We are unique because we lead the way in maximising a young person’s education whilst managing very complex health issues in an holistic manner. We have been dealing with complex medical needs for over a century and have been managing Autistic Spectrum Condition (ASC) for more than 50 years. We offer young people a multidisciplinary approach that addresses the issues associated with ASC as well as managing their epilepsy. This is part of the unique opportunity students with ASC and epilepsy experience at St Piers School.

Staff manage pupils' behaviour exceptionally well. Procedures to manage behaviour are used consistently. Consequently, all pupils, including pupils on the autistic spectrum and pupils with severe learning difficulties and pupils who join the school at unusual times, behave well”
St Piers School OFSTED Inspection

ASC with epilepsy presents unique challenges for young people in their learning and life skills. Unfortunately, for a child with ASC, the impact of having epilepsy compounds already challenging issues.

Our staff recognise the impact that each diagnosis has on the other and the complex interplay between them. Seizures can affect mood, behaviour and the engagement and focus of the learner and these effects will often be even more profound in a person with ASC. A young person with ASC will often not understand or be able to rationalise their epilepsy and the effects that seizures have on them, leading to anxiety, fear and changes in behaviour.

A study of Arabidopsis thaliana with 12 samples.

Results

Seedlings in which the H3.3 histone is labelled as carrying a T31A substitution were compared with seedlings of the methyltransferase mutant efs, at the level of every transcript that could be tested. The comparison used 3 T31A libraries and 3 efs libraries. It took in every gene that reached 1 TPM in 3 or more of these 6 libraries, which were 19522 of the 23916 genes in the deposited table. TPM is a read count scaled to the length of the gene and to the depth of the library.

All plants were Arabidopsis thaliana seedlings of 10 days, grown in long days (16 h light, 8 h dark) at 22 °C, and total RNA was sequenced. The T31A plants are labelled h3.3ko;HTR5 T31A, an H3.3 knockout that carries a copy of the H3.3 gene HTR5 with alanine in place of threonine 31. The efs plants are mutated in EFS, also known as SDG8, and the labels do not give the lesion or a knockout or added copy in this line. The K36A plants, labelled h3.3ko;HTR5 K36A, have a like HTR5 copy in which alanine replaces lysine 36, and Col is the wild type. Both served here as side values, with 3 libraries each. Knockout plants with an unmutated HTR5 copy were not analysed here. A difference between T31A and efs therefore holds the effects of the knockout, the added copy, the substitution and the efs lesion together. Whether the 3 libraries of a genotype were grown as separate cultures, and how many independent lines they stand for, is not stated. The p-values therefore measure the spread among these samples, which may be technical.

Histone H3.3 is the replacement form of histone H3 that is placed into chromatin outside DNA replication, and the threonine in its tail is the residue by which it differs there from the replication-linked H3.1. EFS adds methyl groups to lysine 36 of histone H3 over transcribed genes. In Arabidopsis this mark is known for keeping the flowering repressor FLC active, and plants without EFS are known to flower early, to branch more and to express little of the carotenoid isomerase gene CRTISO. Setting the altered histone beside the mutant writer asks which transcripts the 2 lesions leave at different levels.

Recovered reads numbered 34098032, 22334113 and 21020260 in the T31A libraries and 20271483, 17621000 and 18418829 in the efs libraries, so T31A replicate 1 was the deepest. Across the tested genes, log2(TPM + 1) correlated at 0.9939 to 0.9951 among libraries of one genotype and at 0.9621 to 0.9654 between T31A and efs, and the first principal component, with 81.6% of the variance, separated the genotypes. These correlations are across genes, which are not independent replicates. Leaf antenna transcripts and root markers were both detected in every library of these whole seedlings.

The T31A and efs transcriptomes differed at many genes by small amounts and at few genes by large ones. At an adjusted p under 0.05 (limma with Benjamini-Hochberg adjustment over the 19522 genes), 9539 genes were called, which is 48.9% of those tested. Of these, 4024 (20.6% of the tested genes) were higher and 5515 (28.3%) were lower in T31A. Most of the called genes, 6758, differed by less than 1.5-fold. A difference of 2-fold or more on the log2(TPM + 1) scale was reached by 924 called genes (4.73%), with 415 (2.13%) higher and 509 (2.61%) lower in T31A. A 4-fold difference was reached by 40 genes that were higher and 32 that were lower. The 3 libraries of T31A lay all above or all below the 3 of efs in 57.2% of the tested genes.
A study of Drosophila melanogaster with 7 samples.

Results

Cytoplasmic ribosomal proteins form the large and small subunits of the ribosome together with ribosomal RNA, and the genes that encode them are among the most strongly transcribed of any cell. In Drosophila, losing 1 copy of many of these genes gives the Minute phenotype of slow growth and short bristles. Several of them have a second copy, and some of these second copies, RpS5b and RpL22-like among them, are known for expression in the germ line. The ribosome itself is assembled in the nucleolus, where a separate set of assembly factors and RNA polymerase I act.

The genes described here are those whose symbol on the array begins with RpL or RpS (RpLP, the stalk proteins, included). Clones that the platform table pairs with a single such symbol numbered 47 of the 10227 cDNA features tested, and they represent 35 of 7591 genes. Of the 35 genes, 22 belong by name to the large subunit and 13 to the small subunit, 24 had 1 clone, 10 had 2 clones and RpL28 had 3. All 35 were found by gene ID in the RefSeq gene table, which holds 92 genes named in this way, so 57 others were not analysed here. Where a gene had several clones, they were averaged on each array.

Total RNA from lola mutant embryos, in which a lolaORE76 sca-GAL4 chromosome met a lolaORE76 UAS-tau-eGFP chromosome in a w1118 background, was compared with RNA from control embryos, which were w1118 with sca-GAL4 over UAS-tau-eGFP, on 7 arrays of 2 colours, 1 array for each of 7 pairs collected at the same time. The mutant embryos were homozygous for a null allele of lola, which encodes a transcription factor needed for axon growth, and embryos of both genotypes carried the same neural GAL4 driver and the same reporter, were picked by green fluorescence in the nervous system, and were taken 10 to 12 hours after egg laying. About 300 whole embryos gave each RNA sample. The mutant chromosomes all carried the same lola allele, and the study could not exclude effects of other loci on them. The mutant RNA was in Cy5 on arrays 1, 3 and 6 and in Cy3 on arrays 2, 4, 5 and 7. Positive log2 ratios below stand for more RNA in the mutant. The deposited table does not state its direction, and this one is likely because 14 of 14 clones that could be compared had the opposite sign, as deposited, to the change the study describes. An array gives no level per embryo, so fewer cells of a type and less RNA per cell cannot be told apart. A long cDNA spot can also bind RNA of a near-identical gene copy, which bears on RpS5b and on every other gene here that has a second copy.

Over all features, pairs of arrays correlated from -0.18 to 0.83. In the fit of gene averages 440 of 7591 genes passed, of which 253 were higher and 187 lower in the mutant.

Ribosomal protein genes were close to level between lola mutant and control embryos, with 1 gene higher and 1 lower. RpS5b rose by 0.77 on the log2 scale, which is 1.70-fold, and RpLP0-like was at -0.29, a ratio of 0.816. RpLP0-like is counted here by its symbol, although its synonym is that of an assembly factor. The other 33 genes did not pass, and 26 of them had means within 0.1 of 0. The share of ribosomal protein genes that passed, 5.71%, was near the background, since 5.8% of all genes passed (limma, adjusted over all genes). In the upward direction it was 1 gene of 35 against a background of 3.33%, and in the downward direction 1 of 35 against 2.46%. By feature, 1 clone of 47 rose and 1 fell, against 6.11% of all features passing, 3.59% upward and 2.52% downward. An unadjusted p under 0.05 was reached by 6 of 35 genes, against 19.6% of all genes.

One of the keys to supporting St Piers’ students with ASC is to manage the epilepsy, in order to maximise the opportunities for students to access the curriculum.

Successful approaches to ASC, include communication aids, e.g. Now and Next, pictorial timetables, structure and mind maps. St Piers School takes an eclectic approach, such as, TEACHH, Intensive Interaction and Picture Exchange Communication System (PECS), enabling our students to progress in terms of education, life skills and social interaction.

Anxiety related to epilepsy is common, and we address this through high levels of support and therapy, allowing students the opportunity to build relationships of trust with staff. Young people with ASC often require more time to process information; this has an even more profound effect if they also have epilepsy. Our approach is focussed on supporting students to achieve their maximum potential by presenting information in multiple ways that enables them to process it without experiencing sensory overload.

The particular issues presented with ASC when combined with epilepsy are carefully managed by our staff. With a medical centre on site, we are able to address anxiety related to medical checks and appointments. Staff are also familiar with the students and we regularly use play therapy prior to diagnostics and assessment including phlebotomy and telemetry.

In addition to the world-class education and healthcare services we provide, we are increasingly providing support services nationally. We are also involved in internationally-renowned research and work in partnership with Great Ormond Street Hospital, University College London and King’s College. Having built first rate partnerships in the world of health we are now seeking to develop relationships of a similar high-standing in the world of education.